Homemade chicken incubators can be used to hatch eggs as a science experiment, or to hatch eggs to increase the number of chickens you raise for the table. You can make a homemade chicken incubator using a box and a heat source, or create a more elaborate structure. Your incubator must allow you to control the temperature and humidity inside the incubator, and access the eggs for turning.
What your incubator is made from really doesn't matter so long as there are openings at the top and bottom that allow air to flow in and out of the box. You only need a few small ventilation holes because you need a warm humid atmosphere inside the incubator. You'll also need openings to allow for your other equipment, such as your heater. You will need something to hold the eggs: recycled egg cartons, or commercial egg trays. The incubator needs to be large enough to accommodate the number of eggs you want to hatch at one time and the equipment you will need.
The optimum range for hatching chicken eggs is between 97 and 103 degrees Fahrenheit. Twenty-five watt incandescent light bulbs are common choices as a heat source. You can purchase a heating element manufactured specifically for chicken incubators, or one used for keeping pet reptiles. Whatever source of heating you choose, you need a thermostat to monitor the temperature. Depending on your skill with electrical equipment, you may be able to construct your own thermostat, or you may wish to purchase a commercial thermostat.
A hygrometer measures the amount of humidity in the air. The air inside your chicken incubator should have between 60 percent and 75 percent humidity. You can purchase single devices that work as both thermostats and hygrometers. To get the needed humidity in your incubator, place a pan of water in the bottom; the heat from the incubator will cause the water to evaporate into the air, creating humidity. As you check your incubator throughout the day, you can change the amount of water in the pan to adjust the humidity level.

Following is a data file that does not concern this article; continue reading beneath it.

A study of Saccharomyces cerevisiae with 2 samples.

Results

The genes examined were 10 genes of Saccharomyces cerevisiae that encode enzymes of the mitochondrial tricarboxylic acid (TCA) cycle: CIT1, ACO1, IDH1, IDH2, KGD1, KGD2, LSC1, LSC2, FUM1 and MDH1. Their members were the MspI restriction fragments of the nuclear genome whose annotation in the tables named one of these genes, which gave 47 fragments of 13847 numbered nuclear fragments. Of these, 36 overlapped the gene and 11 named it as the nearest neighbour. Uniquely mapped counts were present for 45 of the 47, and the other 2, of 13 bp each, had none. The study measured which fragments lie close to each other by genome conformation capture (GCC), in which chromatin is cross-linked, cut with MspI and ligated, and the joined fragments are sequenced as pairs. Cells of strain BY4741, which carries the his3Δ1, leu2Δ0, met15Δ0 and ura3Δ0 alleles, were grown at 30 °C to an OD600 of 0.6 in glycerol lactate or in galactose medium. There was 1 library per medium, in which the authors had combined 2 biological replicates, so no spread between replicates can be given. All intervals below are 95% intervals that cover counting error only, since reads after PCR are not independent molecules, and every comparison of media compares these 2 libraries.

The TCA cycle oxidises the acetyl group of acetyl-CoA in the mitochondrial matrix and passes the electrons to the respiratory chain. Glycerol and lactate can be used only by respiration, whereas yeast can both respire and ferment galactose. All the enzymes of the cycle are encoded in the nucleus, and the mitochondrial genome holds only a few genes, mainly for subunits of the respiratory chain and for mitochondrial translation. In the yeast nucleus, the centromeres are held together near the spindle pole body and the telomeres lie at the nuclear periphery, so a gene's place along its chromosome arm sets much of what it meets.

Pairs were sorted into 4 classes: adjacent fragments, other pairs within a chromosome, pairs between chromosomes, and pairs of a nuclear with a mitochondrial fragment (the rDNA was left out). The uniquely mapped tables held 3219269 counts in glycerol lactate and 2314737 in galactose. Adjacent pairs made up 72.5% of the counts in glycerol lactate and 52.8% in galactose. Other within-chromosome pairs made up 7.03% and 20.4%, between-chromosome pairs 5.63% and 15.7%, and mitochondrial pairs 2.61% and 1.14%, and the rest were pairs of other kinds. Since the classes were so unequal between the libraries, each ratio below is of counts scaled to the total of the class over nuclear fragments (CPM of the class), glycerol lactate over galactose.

Wash your hands with soap and water and dry them completely before handling the eggs. Do not use alcohol-based hand sanitizers. Turn your eggs four times a day, turning 90 degrees clockwise each time with the large, rounded end of the egg remaining upright. To track turning, use a nontoxic marker or pencil to mark the egg; do not use permanent markers. Turning equalizes stress on the growing chicken so that it will develop properly. Your incubator should allow you to access the eggs easily for turning while minimizing the loss of heat and humidity.
When your eggs begin to hatch, check your incubator no less frequently than every eight hours. If you see a chick emerging, leave it to its own devices. Healthy chickens will emerge on their own; if you help unhealthy chickens hatch, you are only lengthening the amount of time it takes for them to perish. Once your chick has hatched, is dry and peeping, move it from the incubator into a brooder. The percentage of eggs that hatch will vary. Any chicken eggs that have not hatched after 23 days should be discarded. Your incubator should be cleaned before you begin with a new set of eggs.